By John Antczak
LOS ANGELES — The deal to close California’s $26 billion budget deficit included a plan to drill for offshore oil, drawing allegations that the fiscal crisis was used for a backroom deal following rejection of the idea by state regulators earlier this year.
Democrats agreed to Republican Gov. Arnold Schwarzenegger’s request to expand drilling from an existing platform off Santa Barbara to generate a one-time $100 million advance royalty payment this fiscal year and an estimated $1.8 billion in royalties over 14 years.
It would be the first new offshore oil drilling on state lands in four decades since a blowout on a platform off Santa Barbara coated miles of ocean and shoreline and galvanized opposition.
Details of the agreement reached late Monday were scarce, but Lt. Gov. John Garamendi, chairman of the State Lands Commission, said Tuesday that the framework involved taking authority for approval of oil leases away from State Lands and giving it to a newly created panel.
“This is a play by the governor to have it his way,” he said. “This is a sellout to the oil industry. They want to open the California coast to drilling, and this is the first step.”
The lack of details on the agreement and the way it emerged in budget talks concerned Victoria Rome, deputy California advocacy director for the Natural Resources Defense Council.
“I think it should be very troubling to the public that a decision that was made through a public process in the light of day can be overturned by a few leaders behind closed doors,” she said.
Schwarzenegger spokeswoman Lisa Page said the proposal would bring new revenues to the state, end oil drilling off Santa Barbara’s coast and speed up the permanent removal of platforms there.
The governor’s office said in a statement that the platform involved is already drilling in federal waters adjacent to state waters. It said the project maintains a moratorium on oil drilling “but takes advantage of a specific exemption that allows for new leases if oil is leaking from an existing state field into an actively producing federal field.”
The drilling proposal has been percolating since 2008 when Plains Exploration & Production Co. of Houston announced a novel deal with three veteran environmental groups in Santa Barbara County.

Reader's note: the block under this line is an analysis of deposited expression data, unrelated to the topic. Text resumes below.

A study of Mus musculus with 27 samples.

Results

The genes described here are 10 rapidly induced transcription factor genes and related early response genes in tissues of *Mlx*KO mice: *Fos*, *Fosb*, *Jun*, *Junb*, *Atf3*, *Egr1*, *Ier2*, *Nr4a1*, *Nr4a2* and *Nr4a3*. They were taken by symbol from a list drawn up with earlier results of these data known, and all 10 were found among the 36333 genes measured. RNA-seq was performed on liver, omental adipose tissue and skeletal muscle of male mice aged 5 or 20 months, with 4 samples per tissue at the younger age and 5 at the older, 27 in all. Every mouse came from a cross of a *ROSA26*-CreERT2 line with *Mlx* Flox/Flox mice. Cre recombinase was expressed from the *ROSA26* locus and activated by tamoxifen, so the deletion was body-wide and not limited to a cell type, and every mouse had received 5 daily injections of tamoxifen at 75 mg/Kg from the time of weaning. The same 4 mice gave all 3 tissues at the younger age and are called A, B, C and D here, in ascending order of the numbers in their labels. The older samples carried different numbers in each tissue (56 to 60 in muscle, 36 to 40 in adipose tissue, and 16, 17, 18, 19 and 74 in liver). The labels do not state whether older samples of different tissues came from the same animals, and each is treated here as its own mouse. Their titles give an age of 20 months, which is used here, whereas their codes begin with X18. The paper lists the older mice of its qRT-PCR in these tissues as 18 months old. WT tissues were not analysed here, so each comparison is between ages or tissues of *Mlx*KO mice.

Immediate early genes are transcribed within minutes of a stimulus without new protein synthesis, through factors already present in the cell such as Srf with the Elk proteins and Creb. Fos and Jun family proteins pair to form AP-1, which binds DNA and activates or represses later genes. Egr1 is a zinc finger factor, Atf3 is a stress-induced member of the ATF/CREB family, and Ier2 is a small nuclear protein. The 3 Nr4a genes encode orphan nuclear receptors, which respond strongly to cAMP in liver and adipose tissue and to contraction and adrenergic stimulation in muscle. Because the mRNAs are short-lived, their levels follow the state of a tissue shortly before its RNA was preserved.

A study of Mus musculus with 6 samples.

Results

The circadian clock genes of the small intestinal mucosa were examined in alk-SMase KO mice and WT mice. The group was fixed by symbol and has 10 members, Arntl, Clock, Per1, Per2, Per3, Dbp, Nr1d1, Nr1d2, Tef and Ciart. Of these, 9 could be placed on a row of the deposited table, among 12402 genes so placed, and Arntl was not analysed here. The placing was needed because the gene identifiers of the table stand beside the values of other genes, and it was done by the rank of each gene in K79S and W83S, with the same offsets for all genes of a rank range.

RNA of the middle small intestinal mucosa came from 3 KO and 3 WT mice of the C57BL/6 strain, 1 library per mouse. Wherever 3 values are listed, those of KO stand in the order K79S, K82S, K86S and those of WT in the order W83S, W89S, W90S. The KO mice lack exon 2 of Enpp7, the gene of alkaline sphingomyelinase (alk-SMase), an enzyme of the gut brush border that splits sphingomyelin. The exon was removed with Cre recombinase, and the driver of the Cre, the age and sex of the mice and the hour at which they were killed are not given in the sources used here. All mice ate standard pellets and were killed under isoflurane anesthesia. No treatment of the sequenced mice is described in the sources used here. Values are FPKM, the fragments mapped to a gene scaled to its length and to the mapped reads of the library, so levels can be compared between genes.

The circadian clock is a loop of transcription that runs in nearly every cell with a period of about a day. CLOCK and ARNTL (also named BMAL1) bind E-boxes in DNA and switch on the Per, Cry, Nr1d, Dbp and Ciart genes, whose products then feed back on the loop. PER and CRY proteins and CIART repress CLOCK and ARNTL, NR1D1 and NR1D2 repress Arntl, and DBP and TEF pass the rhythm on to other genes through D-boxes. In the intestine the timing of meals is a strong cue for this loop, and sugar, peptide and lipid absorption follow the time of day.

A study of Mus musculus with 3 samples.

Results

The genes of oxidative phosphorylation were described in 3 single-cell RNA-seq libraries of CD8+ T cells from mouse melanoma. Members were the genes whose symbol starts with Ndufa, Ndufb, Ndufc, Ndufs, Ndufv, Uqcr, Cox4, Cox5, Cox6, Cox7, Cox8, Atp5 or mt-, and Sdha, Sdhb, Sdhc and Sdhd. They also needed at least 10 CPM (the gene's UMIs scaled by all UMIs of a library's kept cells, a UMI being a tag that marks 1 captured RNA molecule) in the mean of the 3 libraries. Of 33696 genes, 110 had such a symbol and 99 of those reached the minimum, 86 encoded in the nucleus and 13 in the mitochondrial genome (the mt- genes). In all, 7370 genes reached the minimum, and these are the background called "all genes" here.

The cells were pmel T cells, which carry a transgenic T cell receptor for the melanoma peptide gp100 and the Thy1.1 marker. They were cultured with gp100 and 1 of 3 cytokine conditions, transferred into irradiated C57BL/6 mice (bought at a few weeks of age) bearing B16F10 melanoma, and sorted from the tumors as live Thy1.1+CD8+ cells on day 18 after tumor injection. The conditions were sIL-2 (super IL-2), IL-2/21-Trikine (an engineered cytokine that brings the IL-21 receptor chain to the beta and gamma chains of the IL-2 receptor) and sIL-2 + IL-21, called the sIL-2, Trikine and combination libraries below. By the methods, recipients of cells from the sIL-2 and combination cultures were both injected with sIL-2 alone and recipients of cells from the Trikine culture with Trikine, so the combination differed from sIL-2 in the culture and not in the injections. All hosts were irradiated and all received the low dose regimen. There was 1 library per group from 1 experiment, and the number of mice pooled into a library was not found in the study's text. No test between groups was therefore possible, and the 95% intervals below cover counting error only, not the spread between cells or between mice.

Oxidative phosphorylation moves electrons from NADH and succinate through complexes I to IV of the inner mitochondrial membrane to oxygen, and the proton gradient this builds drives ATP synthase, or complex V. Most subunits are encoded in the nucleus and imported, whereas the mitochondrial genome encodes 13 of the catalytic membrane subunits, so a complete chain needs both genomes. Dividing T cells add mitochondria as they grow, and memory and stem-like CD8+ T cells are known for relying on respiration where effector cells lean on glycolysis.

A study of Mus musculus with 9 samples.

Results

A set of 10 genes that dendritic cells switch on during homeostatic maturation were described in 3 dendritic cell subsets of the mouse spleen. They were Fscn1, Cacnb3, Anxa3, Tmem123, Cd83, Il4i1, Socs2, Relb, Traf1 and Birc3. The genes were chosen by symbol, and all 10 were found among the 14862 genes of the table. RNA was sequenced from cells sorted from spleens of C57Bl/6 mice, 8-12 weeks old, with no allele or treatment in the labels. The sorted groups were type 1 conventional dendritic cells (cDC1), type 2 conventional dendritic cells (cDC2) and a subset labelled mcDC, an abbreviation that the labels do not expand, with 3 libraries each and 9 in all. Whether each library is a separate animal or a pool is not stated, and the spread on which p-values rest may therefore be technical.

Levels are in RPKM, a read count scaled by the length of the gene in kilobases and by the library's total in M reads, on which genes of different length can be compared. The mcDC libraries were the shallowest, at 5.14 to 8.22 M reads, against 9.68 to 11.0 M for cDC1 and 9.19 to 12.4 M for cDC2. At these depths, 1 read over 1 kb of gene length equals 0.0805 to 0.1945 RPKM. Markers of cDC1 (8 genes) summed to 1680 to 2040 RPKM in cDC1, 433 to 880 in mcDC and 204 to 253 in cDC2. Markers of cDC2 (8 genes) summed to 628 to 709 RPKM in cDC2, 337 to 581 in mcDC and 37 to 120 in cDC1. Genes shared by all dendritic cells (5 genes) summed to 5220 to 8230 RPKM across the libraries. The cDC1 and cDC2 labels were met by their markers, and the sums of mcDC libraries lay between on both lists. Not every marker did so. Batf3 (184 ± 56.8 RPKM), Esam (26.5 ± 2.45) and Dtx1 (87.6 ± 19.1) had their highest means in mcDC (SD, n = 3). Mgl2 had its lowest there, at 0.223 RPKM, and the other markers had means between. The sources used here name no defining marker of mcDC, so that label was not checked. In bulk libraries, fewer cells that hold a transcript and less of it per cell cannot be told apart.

The groups, including Get Oil Out!, agreed to promote the plan in exchange for money for the state, thousands of acres of land and Plains’ commitment to cease operations countywide by 2022.
Garamendi said he opposed the plan in January because provisions for ending operations could not be enforced and because it would serve as a precedent for further drilling, encouraging the federal government to issue new leases off the California coast.
The $100 million would be a loan against royalties and would be repaid by deductions from future royalty payments to the state, he said.
Garamendi asserted that the sum was of minor usefulness in solving the budget problem.
“I think that this can easily be subtracted from the proposal without doing any harm to what is a terrible piece of work,” he said.
Senate President Pro Tem Darrell Steinberg, D-Sacramento, said that under the budget agreement, a panel made up the state attorney general, the secretary of resources and the secretary of environmental protection would make a final decision on the project.
Steinberg said the state had run out of options and had to make a choice between a project that would generate about $100 million annually for the next 14 years, or to make deeper welfare and social service cuts.
“And, you know, that’s a choice,” he said.
Michael Endicott, resource sustainability advocate for Sierra Club California, said environmental standards and statutes should not be rolled back as part of the budget process.
“Eventually we’ll be rebuilding and we’ll be operating again, and those standards should be implemented again – that people worked long and hard to put in place in order to avoid problems,” he said.
Endicott and Garamendi both said a better alternative would be an oil severance tax that other major producing states have. Their estimates of such a tax ranged from $800 million to $1 billion a year.
“California is the one large state that doesn’t charge a fee for the extraction of oil,” Endicott said.
Attorney Linda Krop, who represents the three Santa Barbara environmental groups, said they continue to support the agreement they negotiated with Plains but she had not yet consulted with them on the possibility of it being put before a new panel rather than State Lands.